COAI Rajan Mathews on India telecom industry in 2019

Rajan S Mathews, director general of COAI (Cellular Operators Association of India) says the year 2019 can be dubbed as the year of the digital and the internet for everyone.
COAI director general Rajan Mathews on spectrum

Indian telecommunications industry has witnessed significant strides on several important aspects, be it in terms of widening and strengthening of telecom infrastructures or digitally connecting the last mile through affordable and sustainable communication services. The year also witnessed added fillip to emerging technologies, such as 5G, IoT, AI, AR and the like.

While there were many new beginnings, there were also a few challenges which did not augur well for the already cash crunched telecom sector, lurching under rising debts, falling revenues and collapsing profit margins. While the consolidations, cascading taxations, hyper competitions and the resultant low tariffs shook the sector to the core, no actual relief was announced in the Government Budget 2019-20.

We expect this situation to improve going forward. The Indian telecommunication sector is currently the second largest and fastest growing in the world, with the number of telephone subscribers reaching to (both fixed and mobile phone), 1.19 billion as on 30 September 2019, However, it is still faced with issues such as intermittent call drops, less to no network coverage in some parts of the country, etc. Yet, in terms of data usage, the number stands at a staggering 5.3 million TB (Terra Bytes) per month.

The industry has advocated for better policy reforms and soft touch regulatory environment and has worked in tandem with the Government, to build a world class telecom infrastructure providing connectivity to all and sundry. Still, much is yet to be done if the Government’s ambitious Digital India program is to be realised soon, in its true letter and spirit.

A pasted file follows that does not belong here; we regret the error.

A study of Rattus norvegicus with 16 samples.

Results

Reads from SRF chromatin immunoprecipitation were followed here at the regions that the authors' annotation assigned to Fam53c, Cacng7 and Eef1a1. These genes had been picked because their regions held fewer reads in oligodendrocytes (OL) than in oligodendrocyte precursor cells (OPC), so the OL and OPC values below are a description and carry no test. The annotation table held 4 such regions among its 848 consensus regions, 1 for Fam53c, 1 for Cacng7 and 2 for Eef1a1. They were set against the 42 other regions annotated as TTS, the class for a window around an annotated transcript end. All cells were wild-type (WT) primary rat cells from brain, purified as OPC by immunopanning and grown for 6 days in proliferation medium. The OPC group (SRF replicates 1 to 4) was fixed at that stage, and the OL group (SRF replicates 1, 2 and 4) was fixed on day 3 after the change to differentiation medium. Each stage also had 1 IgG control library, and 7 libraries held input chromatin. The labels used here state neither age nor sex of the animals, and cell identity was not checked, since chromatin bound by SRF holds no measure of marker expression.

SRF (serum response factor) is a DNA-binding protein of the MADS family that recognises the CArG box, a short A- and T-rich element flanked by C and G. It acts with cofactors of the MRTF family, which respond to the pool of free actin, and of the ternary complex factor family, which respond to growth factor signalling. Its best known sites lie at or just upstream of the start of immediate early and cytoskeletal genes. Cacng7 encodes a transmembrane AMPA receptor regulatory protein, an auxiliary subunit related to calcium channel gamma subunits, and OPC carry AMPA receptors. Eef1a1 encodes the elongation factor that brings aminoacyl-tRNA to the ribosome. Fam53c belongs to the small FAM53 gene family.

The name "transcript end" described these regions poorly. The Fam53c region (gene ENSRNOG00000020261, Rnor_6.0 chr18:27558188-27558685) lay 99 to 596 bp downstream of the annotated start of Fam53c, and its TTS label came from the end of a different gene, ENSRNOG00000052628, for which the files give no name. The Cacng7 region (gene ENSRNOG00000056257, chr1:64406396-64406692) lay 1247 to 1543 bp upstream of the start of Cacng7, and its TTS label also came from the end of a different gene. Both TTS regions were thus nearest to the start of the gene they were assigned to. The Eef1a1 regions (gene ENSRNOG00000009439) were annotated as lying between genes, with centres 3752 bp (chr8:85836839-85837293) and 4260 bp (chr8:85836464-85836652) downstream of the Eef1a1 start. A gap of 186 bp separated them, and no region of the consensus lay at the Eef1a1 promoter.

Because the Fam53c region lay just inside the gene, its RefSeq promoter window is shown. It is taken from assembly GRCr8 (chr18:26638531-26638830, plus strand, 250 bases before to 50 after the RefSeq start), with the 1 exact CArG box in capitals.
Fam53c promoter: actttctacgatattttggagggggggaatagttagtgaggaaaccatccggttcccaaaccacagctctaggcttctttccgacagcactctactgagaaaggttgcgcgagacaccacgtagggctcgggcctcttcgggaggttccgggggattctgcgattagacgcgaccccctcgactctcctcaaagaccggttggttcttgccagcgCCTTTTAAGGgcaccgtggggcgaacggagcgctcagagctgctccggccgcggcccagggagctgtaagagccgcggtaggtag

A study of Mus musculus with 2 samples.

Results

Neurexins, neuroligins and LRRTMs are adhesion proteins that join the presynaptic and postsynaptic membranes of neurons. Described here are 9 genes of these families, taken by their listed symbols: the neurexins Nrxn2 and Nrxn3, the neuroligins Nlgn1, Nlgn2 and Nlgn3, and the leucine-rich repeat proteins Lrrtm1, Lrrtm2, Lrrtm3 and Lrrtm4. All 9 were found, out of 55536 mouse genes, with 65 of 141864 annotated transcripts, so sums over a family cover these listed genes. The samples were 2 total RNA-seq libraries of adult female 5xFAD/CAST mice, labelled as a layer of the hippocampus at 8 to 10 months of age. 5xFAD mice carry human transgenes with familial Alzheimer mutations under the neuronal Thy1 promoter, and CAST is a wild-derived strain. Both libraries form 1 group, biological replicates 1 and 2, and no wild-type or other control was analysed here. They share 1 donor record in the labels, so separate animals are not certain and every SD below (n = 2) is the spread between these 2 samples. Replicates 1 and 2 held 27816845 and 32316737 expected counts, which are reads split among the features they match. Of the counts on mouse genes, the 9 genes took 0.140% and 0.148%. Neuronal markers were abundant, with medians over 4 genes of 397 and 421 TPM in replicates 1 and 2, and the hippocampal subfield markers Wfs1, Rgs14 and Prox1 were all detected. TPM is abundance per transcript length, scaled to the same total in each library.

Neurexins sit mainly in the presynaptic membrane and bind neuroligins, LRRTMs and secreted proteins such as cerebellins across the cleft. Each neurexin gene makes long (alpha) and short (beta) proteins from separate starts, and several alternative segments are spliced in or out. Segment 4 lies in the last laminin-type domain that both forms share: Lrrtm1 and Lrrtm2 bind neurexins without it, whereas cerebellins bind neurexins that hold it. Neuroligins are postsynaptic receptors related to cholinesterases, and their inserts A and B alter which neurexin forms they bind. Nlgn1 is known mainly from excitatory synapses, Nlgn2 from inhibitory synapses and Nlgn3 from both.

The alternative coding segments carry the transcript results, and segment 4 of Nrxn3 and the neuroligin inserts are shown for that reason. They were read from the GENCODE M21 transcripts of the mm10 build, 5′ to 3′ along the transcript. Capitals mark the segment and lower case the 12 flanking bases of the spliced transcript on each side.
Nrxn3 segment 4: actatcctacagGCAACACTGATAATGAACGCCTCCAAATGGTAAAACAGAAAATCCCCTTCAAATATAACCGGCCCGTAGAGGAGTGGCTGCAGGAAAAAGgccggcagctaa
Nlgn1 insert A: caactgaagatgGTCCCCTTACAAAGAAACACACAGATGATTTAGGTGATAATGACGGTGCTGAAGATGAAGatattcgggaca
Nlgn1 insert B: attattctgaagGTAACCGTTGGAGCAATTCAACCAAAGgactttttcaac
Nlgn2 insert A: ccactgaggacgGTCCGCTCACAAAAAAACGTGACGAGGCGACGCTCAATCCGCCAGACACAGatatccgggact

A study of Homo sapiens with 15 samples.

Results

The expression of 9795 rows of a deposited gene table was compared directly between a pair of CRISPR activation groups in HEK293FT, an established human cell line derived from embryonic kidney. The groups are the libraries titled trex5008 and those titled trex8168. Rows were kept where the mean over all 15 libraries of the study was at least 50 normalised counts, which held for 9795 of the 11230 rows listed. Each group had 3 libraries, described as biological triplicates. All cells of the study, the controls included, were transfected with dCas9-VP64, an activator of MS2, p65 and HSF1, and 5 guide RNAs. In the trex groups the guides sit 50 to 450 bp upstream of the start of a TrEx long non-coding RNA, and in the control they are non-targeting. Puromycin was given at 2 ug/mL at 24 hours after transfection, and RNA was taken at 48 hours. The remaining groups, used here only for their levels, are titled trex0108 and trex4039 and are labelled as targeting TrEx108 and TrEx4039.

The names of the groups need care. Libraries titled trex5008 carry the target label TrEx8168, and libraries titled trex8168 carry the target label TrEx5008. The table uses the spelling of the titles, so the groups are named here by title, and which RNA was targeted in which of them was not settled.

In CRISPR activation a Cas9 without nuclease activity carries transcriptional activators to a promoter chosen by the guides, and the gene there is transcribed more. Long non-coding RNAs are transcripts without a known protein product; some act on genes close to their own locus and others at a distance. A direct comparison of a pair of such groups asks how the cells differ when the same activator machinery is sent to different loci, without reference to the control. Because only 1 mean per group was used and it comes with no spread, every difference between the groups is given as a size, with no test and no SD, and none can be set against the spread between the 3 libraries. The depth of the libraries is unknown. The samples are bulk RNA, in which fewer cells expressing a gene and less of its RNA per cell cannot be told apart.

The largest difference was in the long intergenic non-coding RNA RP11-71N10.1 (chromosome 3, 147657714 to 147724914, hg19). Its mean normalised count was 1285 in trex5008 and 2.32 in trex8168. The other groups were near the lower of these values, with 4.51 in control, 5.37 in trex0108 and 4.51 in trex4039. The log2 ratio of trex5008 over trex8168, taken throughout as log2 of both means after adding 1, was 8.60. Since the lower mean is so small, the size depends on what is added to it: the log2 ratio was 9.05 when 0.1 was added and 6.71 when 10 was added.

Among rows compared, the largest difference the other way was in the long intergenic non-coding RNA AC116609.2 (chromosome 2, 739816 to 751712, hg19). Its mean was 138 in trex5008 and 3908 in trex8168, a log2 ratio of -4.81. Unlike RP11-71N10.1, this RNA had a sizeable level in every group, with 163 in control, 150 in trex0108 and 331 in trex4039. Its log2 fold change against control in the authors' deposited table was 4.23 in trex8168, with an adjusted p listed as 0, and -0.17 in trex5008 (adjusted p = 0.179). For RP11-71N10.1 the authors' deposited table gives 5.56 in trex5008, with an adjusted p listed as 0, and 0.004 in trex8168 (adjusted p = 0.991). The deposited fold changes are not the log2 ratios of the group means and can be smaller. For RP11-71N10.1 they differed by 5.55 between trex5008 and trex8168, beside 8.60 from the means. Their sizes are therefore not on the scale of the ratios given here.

While the NDCP 2018 came out with a detailed prescription to restore the health of the sector and lay the road-map for future growth, the implementation needs to be speeded up. NDCP is focused on bringing in long-term sustainability and stability into the sector, while readying the ground for new emerging technologies.

With proposed targets such as universal broadband coverage of 50Mbps, 10Gbps at all Gram Panchayats, 10 million public Wi-Fi Hotspots and 4 million new jobs, India will definitely be a global knowledge economy to be reckoned with.

Also, with 5G and other emerging technology, poised to be the way of life in the near future, telecom’s absolute indispensability cannot be ignored. Once 5G gets commercially deployed, India is set to witness several disruptive alterations that will not only transform business landscapes and networks, but will go a long way in making India an economically stronger global knowledge economy.

COAI believes that the Supreme Court ruling on the telecom sector revenue definition, will deal a disastrous blow to the industry, given its precarious financial condition. Given the broad implication of the Supreme Court ruling which has now ensnared companies outside the telecom space, we hope the Government will devise a suitable way out of the corundum.

DoT said 5G spectrum auction will be held by early 2020. The government plans to auction around 8,293.95 MHz of airwaves at an estimated total base price of Rs 5.86 lakh crore. DoT has suggested a base price for 5G airwaves at Rs 492 crore per MHz and proposed a sale of a minimum 20 MHz blocks, which would mean a telco spending close to Rs 10,000 crore for 20 MHz, and Rs 50,000 crore for 100 MHz.

There has been uncertainty over Huawei and ZTE’s participation in India’s 5G field trials and commercial networks going forward. Indian telecom operators had earlier this year sought clarity over the participation of Huawei in 5G field trials and permitting its equipment in their 5G networks. The Indian government has already conveyed that it will not compromise on the security of its telecom networks and accords high priority to data sovereignty while deciding on the issue.

Telecom operators in October this year urged the government to look into spectrum pricing as they are currently exorbitant. We request an early referral from DoT to TRAI to make a recommendation for including the 26 GHz band for the planned spectrum auction in conjunction with other bands as this is imperative and will have a significant bearing on realising the deployment of 5G in India.